As we have pointed out several times, cybercrime is a business, and running a malware or phishing campaign does require some financial investment by the bad actors. Rental of botnets, purchase of exploit kits, and acquisition of compromised site lists are all expenses that need to be covered by the campaign.
A recent phishing attack detected by Cyren clearly shows this investment, as the attack vector is pay-per-click advertising via Google AdWords.
"blockchain" vs. "bioklchain"
The Ad showed up in response to searches for “blockchain” – a bitcoin related term. Close analysis of the advert shows that the link is actually to bioklchain.info – but at a casual glance the link appears to lead to the legitimate “blockchain.info”. Interestingly, Bitcoin addresses are Base58Check encoded so they exclude potentially confusing characters such as 0 (number zero), O (capital o), l (lower L), I (capital i), and the symbols ‘\+' and ‘/,'”.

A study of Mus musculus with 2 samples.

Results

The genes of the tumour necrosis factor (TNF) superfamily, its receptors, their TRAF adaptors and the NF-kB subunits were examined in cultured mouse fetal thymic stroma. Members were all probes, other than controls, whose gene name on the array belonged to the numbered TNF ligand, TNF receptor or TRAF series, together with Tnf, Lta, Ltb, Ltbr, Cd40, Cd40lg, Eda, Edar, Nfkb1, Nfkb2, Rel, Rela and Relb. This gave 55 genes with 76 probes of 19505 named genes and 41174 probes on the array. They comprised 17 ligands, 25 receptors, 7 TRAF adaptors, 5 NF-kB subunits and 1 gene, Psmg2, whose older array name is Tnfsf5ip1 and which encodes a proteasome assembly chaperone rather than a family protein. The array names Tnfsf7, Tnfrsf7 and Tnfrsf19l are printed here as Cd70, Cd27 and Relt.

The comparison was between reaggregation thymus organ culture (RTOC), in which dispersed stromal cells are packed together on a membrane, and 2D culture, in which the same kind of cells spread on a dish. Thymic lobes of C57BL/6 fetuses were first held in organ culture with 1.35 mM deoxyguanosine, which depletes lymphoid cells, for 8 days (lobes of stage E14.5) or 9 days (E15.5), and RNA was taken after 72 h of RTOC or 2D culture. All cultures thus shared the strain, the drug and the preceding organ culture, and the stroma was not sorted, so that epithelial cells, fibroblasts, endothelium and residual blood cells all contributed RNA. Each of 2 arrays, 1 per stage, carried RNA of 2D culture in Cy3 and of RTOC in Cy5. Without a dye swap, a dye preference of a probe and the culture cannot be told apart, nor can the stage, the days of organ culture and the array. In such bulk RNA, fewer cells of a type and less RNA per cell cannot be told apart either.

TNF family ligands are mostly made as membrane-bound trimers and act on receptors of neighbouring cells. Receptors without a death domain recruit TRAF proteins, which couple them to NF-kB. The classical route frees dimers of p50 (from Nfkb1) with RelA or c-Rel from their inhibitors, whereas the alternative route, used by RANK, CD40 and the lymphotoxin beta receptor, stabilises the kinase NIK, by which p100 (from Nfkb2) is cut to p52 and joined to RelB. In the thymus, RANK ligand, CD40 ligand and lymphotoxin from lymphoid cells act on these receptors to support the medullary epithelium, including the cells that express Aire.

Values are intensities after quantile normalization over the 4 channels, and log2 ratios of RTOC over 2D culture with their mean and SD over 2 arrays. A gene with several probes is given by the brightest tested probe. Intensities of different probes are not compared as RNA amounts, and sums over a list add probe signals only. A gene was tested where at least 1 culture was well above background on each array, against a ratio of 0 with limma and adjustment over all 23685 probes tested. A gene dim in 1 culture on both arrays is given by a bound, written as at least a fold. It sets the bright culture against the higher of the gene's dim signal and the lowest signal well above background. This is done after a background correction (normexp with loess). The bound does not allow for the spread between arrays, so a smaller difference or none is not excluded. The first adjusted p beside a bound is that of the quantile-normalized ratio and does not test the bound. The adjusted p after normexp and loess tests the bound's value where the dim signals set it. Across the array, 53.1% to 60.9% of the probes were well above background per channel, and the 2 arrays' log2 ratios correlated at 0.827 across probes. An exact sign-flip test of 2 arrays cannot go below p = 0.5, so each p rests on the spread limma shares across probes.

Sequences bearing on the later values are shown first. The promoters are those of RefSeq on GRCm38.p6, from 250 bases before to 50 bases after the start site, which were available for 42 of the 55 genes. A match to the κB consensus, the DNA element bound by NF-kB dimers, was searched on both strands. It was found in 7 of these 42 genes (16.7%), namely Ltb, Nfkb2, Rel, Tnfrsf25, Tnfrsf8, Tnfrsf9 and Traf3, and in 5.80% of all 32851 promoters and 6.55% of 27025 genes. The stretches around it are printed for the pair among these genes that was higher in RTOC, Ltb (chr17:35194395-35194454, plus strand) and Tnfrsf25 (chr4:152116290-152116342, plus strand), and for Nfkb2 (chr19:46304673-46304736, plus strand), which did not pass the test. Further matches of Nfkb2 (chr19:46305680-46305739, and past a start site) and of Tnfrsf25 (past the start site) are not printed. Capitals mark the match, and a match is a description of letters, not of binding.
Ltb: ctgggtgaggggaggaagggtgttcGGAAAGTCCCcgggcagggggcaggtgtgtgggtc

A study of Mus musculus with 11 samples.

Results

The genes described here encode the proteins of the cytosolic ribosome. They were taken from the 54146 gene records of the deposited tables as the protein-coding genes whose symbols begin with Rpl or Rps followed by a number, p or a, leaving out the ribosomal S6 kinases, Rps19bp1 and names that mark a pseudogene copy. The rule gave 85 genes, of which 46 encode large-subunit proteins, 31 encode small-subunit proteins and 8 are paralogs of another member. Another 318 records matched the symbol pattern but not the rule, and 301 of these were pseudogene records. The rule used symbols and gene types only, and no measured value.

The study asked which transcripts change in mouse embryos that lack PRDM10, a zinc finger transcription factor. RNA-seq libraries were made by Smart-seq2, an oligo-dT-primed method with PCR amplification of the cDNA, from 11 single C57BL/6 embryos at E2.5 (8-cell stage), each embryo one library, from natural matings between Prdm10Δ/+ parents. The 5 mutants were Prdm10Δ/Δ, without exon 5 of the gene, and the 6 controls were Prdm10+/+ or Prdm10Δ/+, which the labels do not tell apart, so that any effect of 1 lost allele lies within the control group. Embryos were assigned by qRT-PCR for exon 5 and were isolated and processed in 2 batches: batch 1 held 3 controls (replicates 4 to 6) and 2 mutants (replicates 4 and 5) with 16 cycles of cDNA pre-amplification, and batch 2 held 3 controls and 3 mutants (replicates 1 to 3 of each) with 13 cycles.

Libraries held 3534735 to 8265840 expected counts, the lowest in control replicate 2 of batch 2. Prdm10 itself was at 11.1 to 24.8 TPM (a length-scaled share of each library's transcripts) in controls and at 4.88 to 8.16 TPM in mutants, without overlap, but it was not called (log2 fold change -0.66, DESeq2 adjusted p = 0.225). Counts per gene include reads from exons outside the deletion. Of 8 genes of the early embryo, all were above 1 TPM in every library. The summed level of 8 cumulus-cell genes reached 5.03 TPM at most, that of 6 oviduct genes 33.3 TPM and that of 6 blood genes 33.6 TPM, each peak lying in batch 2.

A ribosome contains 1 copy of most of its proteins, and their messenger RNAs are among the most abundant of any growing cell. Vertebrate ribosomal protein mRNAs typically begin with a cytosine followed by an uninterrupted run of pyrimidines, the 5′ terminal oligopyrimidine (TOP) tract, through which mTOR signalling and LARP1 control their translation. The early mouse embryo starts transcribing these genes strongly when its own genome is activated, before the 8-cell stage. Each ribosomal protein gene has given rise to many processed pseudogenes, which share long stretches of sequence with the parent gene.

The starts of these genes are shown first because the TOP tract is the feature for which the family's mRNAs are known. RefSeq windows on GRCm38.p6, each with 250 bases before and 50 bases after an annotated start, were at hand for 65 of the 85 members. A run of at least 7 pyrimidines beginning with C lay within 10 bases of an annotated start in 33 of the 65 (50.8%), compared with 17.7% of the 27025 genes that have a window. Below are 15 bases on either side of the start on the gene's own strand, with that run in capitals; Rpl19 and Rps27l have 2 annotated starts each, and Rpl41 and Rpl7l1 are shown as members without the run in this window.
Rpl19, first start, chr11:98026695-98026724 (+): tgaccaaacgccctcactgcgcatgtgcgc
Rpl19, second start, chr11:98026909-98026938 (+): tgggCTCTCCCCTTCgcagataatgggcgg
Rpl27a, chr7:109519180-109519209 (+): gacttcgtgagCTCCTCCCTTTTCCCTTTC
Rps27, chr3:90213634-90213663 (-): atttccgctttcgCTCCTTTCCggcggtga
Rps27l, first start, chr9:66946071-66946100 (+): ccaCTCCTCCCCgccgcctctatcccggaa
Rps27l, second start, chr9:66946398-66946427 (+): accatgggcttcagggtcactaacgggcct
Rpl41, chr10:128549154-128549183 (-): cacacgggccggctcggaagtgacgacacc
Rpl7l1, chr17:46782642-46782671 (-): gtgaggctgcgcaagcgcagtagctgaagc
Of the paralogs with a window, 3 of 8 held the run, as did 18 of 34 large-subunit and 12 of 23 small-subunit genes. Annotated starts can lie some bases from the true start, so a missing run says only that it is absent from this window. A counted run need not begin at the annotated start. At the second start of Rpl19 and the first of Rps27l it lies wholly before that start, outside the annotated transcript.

Google is aware that this sort of abuse of AdWords is possible and claim to have blocked 7,000 phishing sites that tried to use AdWords in 2015: http://adwords.blogspot.co.il/2016/01/how-we-fought-bad-ads-in-2015.html
Fake Login Page
Unwary victims who clicked on the link were led to the phishing page with only one working link – the “login now” button – none of the other buttons are actually clickable.
Clicking on “Login now” leads to a credential entry page that is quite similar to the “legacy login” of the real site. This is the page where the actual phishing happens.
A similar attack from 2014 also used AdWords and also targeted blockchain searchers – suggesting that the current attack was the work of the same group.
Learn more about how to get protected against phishing attacks.